Why conversations around overhead should be refocused in the area that matters most – impact.
- Why overhead is vilified
- Why it really shouldn’t be
- Why a higher overhead is a sign of progress
- Where the focus really should be
- How to position your performance to avoid this trap
Hey everyone, Sean here and today what I want to talk to you about is why overhead is consistently vilified, or why it shouldn’t be because it matters when it comes to scaling impact.
Now, while we might not all love the fact that we have to have and manage overhead, it doesn’t mean it isn’t important. Your overhead is a key element of making sure that you have a strong team. If your overhead is being kept ridiculously low deliberately so then that is going to impact the strength of your team and what your team is capable of. I love the saying that goes if you want to go fast go alone and if you want to go far go together. The reason why I like that is because it really highlights the fact that you can’t do this alone, and you can’t remain ridiculously lean to the extent where it affects your performance. You need a strong team if you’re going to have a strong team. That means your overhead is not going to be ridiculously low or near zero and people need to understand that.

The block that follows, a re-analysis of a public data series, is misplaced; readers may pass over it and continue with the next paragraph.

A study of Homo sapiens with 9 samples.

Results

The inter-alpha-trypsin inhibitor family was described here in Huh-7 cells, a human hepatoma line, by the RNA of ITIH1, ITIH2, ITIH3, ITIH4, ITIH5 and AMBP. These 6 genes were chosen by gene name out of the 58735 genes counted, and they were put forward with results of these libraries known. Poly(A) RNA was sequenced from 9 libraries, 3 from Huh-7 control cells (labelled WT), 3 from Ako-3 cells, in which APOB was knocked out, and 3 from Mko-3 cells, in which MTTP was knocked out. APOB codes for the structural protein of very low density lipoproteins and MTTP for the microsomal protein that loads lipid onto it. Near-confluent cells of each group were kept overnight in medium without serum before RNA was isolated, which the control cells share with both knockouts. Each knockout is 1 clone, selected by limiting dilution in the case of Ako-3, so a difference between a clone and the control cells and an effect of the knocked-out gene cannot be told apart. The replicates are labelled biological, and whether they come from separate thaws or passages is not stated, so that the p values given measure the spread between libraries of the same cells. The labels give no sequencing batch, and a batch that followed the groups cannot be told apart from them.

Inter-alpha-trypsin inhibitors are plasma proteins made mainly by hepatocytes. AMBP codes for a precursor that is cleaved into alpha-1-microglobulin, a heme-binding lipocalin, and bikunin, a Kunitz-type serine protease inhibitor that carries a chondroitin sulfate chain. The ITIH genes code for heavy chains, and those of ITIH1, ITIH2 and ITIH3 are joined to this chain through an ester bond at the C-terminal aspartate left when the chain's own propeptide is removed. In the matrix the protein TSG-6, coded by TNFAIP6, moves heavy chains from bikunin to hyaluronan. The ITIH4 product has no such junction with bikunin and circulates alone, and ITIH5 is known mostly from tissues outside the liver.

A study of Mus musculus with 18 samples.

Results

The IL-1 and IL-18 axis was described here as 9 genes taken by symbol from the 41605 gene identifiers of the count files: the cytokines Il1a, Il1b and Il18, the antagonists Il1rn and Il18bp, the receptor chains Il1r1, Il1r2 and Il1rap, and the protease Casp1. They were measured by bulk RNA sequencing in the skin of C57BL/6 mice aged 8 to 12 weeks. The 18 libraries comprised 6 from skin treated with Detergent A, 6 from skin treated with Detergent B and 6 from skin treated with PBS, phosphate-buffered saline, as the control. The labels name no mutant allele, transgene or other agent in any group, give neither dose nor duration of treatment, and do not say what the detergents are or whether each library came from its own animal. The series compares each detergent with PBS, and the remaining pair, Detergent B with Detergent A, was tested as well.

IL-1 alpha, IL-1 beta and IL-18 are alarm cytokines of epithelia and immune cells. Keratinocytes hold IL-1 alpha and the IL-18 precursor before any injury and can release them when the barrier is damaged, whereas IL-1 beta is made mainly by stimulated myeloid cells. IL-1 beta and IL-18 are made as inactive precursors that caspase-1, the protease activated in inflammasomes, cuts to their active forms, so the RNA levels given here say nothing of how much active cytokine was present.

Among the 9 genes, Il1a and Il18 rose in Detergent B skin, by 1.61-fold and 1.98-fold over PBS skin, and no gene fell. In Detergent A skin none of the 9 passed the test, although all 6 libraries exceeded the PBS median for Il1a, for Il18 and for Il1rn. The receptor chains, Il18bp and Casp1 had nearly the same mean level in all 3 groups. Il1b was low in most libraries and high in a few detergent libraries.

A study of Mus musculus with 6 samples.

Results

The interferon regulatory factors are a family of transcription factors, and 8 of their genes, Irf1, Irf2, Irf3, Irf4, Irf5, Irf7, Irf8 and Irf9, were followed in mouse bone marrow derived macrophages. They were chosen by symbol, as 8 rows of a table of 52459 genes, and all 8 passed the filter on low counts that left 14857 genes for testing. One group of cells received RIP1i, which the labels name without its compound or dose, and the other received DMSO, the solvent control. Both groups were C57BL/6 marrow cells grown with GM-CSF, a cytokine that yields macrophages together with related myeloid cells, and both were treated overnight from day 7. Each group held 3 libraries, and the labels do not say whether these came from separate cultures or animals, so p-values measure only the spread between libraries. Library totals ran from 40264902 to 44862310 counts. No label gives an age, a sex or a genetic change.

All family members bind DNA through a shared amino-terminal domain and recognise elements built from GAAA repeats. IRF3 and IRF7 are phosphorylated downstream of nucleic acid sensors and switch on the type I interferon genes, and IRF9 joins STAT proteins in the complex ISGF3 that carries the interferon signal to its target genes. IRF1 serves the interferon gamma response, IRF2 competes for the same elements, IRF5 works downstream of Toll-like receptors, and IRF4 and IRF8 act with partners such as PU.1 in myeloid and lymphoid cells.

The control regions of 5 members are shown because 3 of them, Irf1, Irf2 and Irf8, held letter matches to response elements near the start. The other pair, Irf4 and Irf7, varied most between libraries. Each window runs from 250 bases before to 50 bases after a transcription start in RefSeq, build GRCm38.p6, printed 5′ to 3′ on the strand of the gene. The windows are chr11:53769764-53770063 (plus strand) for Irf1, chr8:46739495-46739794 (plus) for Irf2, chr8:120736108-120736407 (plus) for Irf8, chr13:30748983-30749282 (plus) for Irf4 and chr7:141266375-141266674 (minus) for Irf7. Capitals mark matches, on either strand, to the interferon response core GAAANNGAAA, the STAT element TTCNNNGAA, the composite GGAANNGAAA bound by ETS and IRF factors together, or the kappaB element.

But what I would recommend doing instead of focusing on overhead especially if people are trying to beat you up over that is to readjust their focus and reposition the conversation around impact. Right because I’ve heard these heartbreaking stories about nonprofit organizations who overhead has grown. And people have just kind of run with that as a story and then made them out to look like they were doing something they weren’t supposed to be doing. When in reality their overhead was growing because their impact was scaling. And they were making significantly greater contributions over time. So the overhead played a key element in that but it was correlated to what was most important and that was the impact that they were generating. So if people are taking a closer look at your overhead and they really want to know why that number is growing or getting bigger, then I would encourage you to refocus them around where the performance really should be and why that overhead is going up because your impact is going up, ideally even faster. So that’s what matters more than most and that should help you avoid this as a trap.